Berwick maternity unit to reduce its hours after consultation

A decision has been made on the future of maternity services at a unit in Northumberland

MP Alan Beith at The Save Berwick Maternity Unit rally
MP Alan Beith at The Save Berwick Maternity Unit rally

A decision  has been made on the future of maternity services at a unit in Northumberland.

Health commissioners have been consulting over how maternity services are delivered at Berwick Infirmary following a number of safety incidents and a fall in the amount of births.

Yesterday Northumberland Clinical Commissioning Group (CCG) decided to introduce a 24/7 on-call system to allow low-risk women to give birth in Berwick, either in a birthing room or at home, with in-patient post-natal care.

Under the plans the midwifery-led unit will be open Monday to Friday, 9am to 6pm, and on Saturday and Sunday, 9am until 2.30pm. There will be the continuation of drop-in clinics for breastfeeding mothers and opportunities for pregnant women to contact the unit and speak to midwives.

But the move has been met with anger among campaigners who were adamant that maternity services should remain fully operational at all times at Berwick. A petition formed by the Save Berwick Maternity Unit group had previously collected around 5,000 signatures in support of the option to keep services as they have been.

Mother-of-seven Kelly Corrigan, 34, of Berwick, said: I do not see how it is a good option for women from Berwick to have a 130 mile round trip to travel to a consultant-led unit.”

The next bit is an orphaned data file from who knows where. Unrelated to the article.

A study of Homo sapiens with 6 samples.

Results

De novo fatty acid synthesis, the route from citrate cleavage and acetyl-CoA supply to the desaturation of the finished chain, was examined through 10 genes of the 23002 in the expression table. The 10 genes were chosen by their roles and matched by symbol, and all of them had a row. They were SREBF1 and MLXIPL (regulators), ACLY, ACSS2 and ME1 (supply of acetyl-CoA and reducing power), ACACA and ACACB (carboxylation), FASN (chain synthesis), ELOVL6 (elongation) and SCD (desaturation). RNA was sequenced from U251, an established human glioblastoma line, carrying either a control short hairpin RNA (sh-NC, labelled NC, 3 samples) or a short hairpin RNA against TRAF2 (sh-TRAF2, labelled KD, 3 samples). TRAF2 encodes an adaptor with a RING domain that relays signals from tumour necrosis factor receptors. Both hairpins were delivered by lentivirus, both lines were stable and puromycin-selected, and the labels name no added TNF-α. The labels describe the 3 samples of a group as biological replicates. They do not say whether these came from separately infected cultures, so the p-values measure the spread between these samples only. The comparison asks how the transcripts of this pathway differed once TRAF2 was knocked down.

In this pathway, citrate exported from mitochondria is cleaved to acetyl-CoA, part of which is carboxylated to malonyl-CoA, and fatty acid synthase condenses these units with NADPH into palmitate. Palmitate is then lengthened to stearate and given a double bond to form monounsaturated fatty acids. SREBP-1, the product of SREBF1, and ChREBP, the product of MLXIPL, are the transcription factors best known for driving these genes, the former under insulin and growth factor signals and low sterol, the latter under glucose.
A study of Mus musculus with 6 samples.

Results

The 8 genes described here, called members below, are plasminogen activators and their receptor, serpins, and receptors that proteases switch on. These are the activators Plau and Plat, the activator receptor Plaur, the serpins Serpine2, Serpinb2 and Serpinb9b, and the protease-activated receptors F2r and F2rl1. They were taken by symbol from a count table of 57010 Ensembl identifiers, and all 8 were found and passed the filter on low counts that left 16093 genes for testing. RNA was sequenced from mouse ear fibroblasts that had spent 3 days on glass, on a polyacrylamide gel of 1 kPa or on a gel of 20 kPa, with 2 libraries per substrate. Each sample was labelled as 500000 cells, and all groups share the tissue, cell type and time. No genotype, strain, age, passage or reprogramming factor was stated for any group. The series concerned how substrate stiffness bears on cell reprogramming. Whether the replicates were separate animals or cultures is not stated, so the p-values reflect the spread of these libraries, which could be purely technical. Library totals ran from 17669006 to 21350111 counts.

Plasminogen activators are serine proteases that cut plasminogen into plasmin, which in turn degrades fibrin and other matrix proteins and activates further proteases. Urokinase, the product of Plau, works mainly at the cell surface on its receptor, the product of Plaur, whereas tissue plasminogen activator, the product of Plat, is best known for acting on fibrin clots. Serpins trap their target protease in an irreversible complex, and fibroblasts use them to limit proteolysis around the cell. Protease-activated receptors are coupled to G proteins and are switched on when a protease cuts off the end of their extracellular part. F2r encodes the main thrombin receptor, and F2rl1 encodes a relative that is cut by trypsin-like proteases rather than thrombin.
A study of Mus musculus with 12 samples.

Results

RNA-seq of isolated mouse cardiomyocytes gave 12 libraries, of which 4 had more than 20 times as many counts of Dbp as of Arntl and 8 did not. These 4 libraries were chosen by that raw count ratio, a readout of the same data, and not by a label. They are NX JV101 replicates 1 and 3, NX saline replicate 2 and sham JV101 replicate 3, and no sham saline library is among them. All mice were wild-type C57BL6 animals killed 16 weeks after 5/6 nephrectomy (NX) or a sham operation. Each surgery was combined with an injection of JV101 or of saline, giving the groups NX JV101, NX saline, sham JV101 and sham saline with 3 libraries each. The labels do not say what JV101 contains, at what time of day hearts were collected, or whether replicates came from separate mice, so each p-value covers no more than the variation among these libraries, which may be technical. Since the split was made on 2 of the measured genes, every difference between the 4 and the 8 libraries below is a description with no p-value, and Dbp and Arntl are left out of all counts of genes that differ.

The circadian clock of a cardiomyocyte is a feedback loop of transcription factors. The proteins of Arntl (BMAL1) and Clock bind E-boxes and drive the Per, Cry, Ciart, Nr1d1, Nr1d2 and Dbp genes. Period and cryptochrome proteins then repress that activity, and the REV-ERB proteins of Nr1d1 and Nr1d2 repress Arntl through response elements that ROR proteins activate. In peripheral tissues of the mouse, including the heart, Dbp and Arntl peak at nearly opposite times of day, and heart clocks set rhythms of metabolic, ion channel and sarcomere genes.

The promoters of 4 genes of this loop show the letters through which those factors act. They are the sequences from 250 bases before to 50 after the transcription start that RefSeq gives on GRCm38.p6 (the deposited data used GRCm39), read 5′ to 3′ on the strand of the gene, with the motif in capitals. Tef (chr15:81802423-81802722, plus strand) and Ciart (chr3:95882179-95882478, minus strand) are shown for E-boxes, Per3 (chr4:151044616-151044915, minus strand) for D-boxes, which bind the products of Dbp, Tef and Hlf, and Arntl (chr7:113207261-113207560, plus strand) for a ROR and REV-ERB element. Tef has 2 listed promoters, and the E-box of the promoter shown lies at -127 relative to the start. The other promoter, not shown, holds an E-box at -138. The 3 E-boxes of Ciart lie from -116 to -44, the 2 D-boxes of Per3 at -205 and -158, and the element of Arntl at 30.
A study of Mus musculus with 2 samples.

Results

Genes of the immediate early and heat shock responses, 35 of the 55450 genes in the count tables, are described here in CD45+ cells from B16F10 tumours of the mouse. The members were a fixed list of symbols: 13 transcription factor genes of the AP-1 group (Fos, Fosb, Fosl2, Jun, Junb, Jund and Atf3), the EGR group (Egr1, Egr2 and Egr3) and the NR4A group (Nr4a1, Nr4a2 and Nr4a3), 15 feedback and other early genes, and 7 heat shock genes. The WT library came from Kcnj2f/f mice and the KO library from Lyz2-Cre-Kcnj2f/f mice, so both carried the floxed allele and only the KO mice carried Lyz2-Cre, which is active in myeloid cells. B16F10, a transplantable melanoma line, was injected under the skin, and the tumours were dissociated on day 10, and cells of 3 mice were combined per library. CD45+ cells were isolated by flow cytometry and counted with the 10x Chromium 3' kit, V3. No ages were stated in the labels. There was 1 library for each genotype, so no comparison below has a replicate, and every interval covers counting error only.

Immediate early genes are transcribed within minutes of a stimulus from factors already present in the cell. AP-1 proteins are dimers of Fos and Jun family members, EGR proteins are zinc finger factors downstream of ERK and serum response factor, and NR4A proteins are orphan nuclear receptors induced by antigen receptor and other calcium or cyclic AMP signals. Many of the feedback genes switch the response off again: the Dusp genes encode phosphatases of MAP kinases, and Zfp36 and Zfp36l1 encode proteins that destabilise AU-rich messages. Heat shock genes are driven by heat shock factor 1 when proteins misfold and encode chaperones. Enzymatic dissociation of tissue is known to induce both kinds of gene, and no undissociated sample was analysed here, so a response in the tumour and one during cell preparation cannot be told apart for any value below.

Births at Berwick Infirmary were stopped by bosses at Northumbria Healthcare NHS Foundation Trust at the beginning of August last year. The trust cited a fall in number of births, to just 13 in 2011/12, and said midwives were not getting the opportunities they needed to practise birthing skills.

Berwick MP Sir Alan Beith said: “This is a disappointing decision that has been too much influenced by urban doctors' practices who do not understand what life is like with the nearest alternative maternity units 50 miles away.”

Dr Alistair Blair, chief clinical officer of NHS Northumberland CCG, said: “We know how important this issue has been locally and I would like to reassure people that we have given it a great deal of thought and consideration. We will be working very closely with the trust to monitor the delivery of the new service in the coming months.”

Northumbria Healthcare NHS Foundation Trust said it welcomed the decision to provide a safe and sustainable service for women.